David COTTER, Respondent, v. Dhanwattie DUKHARAN et al., Appellants, et al., Defendant.
Appeal from an order of the Supreme Court (Aulisi, J.), entered October 31, 2012 in Schenectady County, which denied a motion by defendants Dhanwattie Dukharan and Roopnarian Dukharan to vacate a default judgment entered against them.
In 2007, plaintiff commenced this action against defendants Dhanwattie Dukharan and Roopnarian Dukharan (hereinafter collectively referred to as defendants) and their daughter, defendant Rosetta Dukharan, to recover damages for injuries that he sustained when he was bitten by their dog. Defendants were served with a copy of the summons and complaint pursuant to CPLR 308(2). Defendants failed to appear and Supreme Court (J. Sise, J.) entered an order finding them in default pursuant to CPLR 3215. Following a subsequent inquest, Supreme Court (Aulisi, J.) issued a judgment in March 2009 awarding plaintiff damages. In April 2010, defendants moved to vacate the default judgment, alleging that they never received the summons and complaint and were otherwise unaware that an action had been commenced against them. Upon Supreme Court's denial of defendants' motion, this appeal ensued.1
We affirm. “[A] party seeking to vacate a default judgment must demonstrate a reasonable excuse for default and a meritorious defense” (Capital Compost & Waste Reduction Servs., LLC v. MacDonald, 73 AD3d 1311, 1312  [internal quotation marks and citation omitted]; see CPLR 5015[a]; Wadsworth v. Sweet, 106 AD3d 1433, 1434 ; Matter of Toyota Motor Credit Corp. v. Impressive Auto Ctr., Inc., 80 AD3d 861, 862  ), and the determination of whether vacatur is warranted lies within the sound discretion of the trial court (see Wadsworth v. Sweet, 106 AD3d at 1434; Abel v. Estate of Collins, 73 AD3d 1423, 1424 ; F & K Supply, Inc. v. Shean, 56 AD3d 1076, 1077  ). Here, defendants' proffered excuse for the default was their conclusory denial that they ever received a copy of the summons and complaint or were aware that an action had been commenced. However, the affidavits of service indicate that the summons and complaint were served upon defendants by delivery to their son, Erique Dukharan-a person of suitable age and discretion-at their dwelling and by mailing a copy of the summons and complaint to the same address. Defendants failed to rebut the presumption of proper service created by these affidavits of service (see Christiana Bank & Trust Co. v. Eichler, 94 AD3d 1170, 1170–1171 ; Owens v. Freeman, 65 AD3d 731, 733 , lv dismissed 13 NY3d 855  ). In fact, defendants do not dispute that the address listed on the affidavits of service was their dwelling2 or that their son was served with the summons and complaint as indicated in such affidavits (see Christiana Bank & Trust Co. v. Eichler, 94 AD3d at 1171).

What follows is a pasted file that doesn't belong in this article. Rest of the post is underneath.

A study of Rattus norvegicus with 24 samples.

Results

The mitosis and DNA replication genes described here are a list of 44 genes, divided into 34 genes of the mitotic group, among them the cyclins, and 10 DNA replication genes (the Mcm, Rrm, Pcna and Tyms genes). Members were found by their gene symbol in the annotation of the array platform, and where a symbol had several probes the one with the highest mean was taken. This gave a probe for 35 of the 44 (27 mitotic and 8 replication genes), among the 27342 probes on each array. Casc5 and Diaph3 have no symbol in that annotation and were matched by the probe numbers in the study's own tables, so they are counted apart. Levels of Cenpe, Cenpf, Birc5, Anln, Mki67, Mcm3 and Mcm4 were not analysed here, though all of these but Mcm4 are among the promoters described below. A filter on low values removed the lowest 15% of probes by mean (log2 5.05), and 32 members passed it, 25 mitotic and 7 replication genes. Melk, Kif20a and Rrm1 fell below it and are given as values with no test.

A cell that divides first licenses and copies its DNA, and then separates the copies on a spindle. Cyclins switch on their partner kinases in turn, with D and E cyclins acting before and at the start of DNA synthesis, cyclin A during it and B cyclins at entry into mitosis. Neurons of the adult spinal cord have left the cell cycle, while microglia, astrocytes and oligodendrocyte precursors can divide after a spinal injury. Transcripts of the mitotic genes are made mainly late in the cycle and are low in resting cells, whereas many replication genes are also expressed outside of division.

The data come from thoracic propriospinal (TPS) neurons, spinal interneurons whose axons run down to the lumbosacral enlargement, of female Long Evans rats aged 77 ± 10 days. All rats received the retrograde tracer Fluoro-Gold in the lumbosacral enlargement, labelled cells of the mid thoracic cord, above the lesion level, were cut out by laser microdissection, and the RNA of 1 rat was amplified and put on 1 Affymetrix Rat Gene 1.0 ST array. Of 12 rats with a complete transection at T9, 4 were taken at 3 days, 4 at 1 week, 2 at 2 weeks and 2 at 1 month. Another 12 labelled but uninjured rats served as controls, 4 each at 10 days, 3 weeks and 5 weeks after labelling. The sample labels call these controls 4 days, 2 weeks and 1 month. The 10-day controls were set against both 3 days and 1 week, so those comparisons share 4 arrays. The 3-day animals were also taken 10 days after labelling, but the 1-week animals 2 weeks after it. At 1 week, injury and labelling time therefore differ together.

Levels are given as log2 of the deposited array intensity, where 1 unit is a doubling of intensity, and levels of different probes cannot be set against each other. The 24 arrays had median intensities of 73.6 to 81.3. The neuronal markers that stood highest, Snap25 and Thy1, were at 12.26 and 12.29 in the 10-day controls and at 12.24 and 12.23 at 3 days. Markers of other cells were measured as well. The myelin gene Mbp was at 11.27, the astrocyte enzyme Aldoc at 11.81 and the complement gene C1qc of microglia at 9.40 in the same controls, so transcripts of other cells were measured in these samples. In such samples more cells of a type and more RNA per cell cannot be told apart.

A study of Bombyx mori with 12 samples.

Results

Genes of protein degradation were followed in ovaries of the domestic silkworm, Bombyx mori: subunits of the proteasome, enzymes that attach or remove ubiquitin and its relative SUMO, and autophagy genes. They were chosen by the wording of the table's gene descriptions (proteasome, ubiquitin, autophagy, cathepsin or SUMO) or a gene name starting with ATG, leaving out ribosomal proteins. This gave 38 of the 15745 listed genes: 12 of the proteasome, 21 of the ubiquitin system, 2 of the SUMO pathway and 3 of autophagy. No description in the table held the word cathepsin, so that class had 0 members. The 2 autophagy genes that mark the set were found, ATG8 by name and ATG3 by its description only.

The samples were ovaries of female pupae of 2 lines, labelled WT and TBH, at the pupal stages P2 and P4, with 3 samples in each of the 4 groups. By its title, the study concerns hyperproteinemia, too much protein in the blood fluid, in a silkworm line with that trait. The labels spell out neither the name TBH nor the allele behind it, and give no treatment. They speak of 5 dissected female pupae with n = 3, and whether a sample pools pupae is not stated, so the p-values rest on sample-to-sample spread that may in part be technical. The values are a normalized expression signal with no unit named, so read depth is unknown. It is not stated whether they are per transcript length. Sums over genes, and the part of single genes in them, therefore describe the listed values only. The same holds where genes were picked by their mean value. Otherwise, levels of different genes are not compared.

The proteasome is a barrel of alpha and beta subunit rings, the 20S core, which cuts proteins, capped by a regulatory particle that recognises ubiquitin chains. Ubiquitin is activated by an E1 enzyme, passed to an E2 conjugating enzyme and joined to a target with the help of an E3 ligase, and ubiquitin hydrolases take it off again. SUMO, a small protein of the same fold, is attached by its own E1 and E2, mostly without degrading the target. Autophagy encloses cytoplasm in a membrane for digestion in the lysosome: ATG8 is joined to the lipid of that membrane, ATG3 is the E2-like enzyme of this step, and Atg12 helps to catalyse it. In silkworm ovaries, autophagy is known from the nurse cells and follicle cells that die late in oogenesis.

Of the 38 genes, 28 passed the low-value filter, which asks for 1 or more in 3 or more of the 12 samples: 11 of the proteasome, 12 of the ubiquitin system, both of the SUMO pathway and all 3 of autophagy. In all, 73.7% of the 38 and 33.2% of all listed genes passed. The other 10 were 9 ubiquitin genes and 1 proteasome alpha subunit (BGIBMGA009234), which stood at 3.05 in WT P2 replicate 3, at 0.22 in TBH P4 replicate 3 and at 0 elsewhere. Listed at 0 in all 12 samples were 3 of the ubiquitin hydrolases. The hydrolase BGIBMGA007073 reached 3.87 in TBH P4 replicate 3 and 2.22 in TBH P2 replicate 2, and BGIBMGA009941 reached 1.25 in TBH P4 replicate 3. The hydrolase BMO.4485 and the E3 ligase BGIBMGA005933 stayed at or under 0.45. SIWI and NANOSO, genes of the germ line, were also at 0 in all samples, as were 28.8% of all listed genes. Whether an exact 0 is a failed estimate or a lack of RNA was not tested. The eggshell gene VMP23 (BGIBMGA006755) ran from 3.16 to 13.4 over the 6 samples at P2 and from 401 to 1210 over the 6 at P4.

Moreover, the record reflects that, after defendants were served and failed to appear, plaintiff's counsel mailed additional copies of the summons and complaint to defendants at the same address by certified and regular mail and the postal return receipt was signed-apparently by defendants' other son-as received. In addition, before commencement of the action, plaintiff's counsel mailed two letters to defendants at that address, advising them that plaintiff had been injured by their dog and that they should contact their insurance carrier.3 In light of the foregoing, we agree with Supreme Court that defendants did not demonstrate a reasonable excuse for their default and we discern no abuse of the court's discretion in denying defendants' motion to vacate the default judgment (see Wood v. Tuttle, 106 AD3d 1393 ; State of New York v. Neglia, 99 AD3d 1137, 1138  ). Accordingly, we need not decide whether defendants established the existence of a meritorious defense (see Wadsworth v. Sweet, 106 AD3d at 1434; State of New York v. Neglia, 99 AD3d at 1138; Nilt, Inc. v. New York State Dept. of Motor Vehicles, 35 AD3d 937, 938  ).
ORDERED that the order is affirmed, with costs.
1. Although the default judgment was also issued against Rosetta Dukharan, she did not move to vacate the default judgment and is not a party to this appeal.
2. This was also the address on file with defendants' insurance carrier.
3. Plaintiff's counsel also affirms that he had a telephone conversation with Dhanwattie Dukharan in which counsel was informed that defendants had no intention of providing insurance information or otherwise responding. While Roopnarian Dukharan submitted an affidavit denying that she was a party to any such conversation, Dhanwattie Dukharan did not.
LAHTINEN, J.P., McCARTHY and EGAN Jr., JJ., concur.